Baseball Games Are Still Too Long—and Getting Longer

The extreme game length that caused this overlap and prevented fans from devoting full attention to both crucial contests is not an aberration, however, but the new postseason norm. The average playoff game this postseason has lasted a gobsmacking three hours and 42 minutes.

Remove the 13-inning, five-hour-and-14-minute battle between the Red Sox and Rays, and the average for nine-inning contests is still an absurd 3:38, the highest ever. This graph shows how the average nine-inning playoff game length has changed since 1969, the first season with intraleague playoffs before the World Series.

Game length has almost always increased, but now that increase is accelerating, too. From 1991 to 2001, the average playoff game increased by eight minutes. From 2001 to 2011, the average playoff game increased by six minutes. But from 2011 to 2021, the average playoff game has increased by 22 minutes. And that’s probably an undercount because the 2021 playoff data doesn’t include the World Series yet, and those games tend to last the longest of any round.

RoyalsRetro (AG#1F) Posted: October 20, 2021 at 10:12 AM | 110 comment(s) Login to Bookmark
  Tags: pace of play

Here's my crazy, never gonna happen, solution. Have games start at 6pm but they don't start the broadcast until 8pm. Radio and TV edit the game so you get 2 hours of game and 30 minutes of commercials. Virtually all games get wrapped up by 10:30 and you don't lose anything.
   102. . Posted: October 21, 2021 at 03:42 PM (#6048146)
Or have one broadcast of the whole thing and another starting at 8. Could easily see something like this happening, particularly as I think it's likely the broadcasts will stratify into "normal" and "gambler."

The last time I seriously went to Vegas, I got really wasted on one of the first nights and wound up spending the entire next day from like 9 am to 3 am doing nothing but betting the horses. There was never a time at which there wasn't some track, somewhere in the world, that was running races. Got the racing form, a table with my buddy, and had them bring food and beverage as the day and then the night progressed. The number of horse bets I placed that day was probably triple the number of horse bets I've placed on all the other days of my life combined. I could actually see them one day staggering baseball games timewise in much this way.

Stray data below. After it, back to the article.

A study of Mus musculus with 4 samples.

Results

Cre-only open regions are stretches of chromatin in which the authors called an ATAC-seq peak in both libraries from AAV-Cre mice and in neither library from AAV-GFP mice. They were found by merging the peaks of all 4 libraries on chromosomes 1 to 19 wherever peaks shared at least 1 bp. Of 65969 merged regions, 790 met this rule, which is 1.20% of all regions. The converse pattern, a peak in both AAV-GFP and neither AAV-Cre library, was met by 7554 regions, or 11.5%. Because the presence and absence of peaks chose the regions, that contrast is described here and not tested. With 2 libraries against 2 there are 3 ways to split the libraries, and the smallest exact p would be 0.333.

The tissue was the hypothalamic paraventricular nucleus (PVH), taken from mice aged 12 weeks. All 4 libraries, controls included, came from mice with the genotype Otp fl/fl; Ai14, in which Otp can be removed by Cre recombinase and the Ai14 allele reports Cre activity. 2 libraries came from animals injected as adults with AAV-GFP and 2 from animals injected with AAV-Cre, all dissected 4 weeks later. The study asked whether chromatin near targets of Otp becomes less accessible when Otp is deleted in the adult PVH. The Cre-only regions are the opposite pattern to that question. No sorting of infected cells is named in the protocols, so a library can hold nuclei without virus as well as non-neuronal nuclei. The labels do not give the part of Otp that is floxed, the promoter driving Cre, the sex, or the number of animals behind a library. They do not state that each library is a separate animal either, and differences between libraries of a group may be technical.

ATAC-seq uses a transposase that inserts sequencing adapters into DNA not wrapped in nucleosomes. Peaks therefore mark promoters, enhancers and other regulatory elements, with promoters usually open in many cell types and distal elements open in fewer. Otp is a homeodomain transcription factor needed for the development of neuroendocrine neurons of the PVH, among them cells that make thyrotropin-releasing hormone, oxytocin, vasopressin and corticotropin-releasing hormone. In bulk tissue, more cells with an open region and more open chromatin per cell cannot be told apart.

103. Starring Bradley Scotchman as RMc Posted: October 21, 2021 at 06:11 PM (#6048186)
Have games start at 6pm but they don't start the broadcast until 8pm.

I seem to recall that in the early days of baseball broadcasting, radio did not always carry the entire game; they were joined in progress, to keep from depressing the live gate. (An example: a Senators-Indians game on September 21, 1939.) Meanwhile, Hockey Night in Canada started televising NHL games in 1952, but it wasn't until 1968 that the contests were carried in their entirety; before that, broadcasts began as much as an hour after they dropped the puck, again to avoid cutting into attendance.
   104. The Honorable Ardo Posted: October 21, 2021 at 07:13 PM (#6048200)
Baseball is a great sport to follow via written media and games are great on radio. The problem is written media is in the crapper and radio is not the dominant form of media entertainment anymore.
A thousand times yes, McCoy.

Much has been written about how the rise of baseball in the late 19th century paralleled and fed off of the rise in daily newspapers, and how radio broadcasting amplified its dominant hold over American sports from roughly 1930-1960. Now that both written media and radio are bleeding and barely surviving, is baseball next?
   105. sunday silence (again) Posted: October 21, 2021 at 08:54 PM (#6048223)

A)all time peak still had a ton of empty seats each game


what is this an argument for? Its hard to understand what your pt is with this statement.
   106. Never Give an Inge (Dave) Posted: October 21, 2021 at 10:10 PM (#6048242)
Martin enters the game to face Chris Taylor. Fresh pitcher. Time between pitches 1 and 2 to Taylor - 36 seconds

Time between pitches 2 and 3 - 30 seconds.

Taylor deposited pitch 3 in the CF bleachers. Taking over a minute to throw two pitches really worked out for Martin.
   107. Never Give an Inge (Dave) Posted: October 21, 2021 at 10:14 PM (#6048245)
He’s taking 25 seconds between pitches to the damn pitcher.
   108. Howie Menckel Posted: October 21, 2021 at 10:46 PM (#6048250)
He’s taking 25 seconds between pitches to the damn pitcher.

must. resist. urge......

;)
   109. Doug Jones threw harder than me Posted: October 21, 2021 at 11:39 PM (#6048262)
The games are still awesome on radio.


I know the A's radio broadcasters often struggle to fill up all the airtime when they have a particularly slow-working batter/pitcher combination, and they aren't always silent about it. Ken Korach, in particular, doesn't hesitate to mention it when the time-between-pitches has become interminable.
   110. McCoy Posted: October 22, 2021 at 05:52 AM (#6048268)
Re 105.

Um, I think it would be obvious. It's a counter to the charge that there are a lot of empty seats nowadays (pre pandemic that is).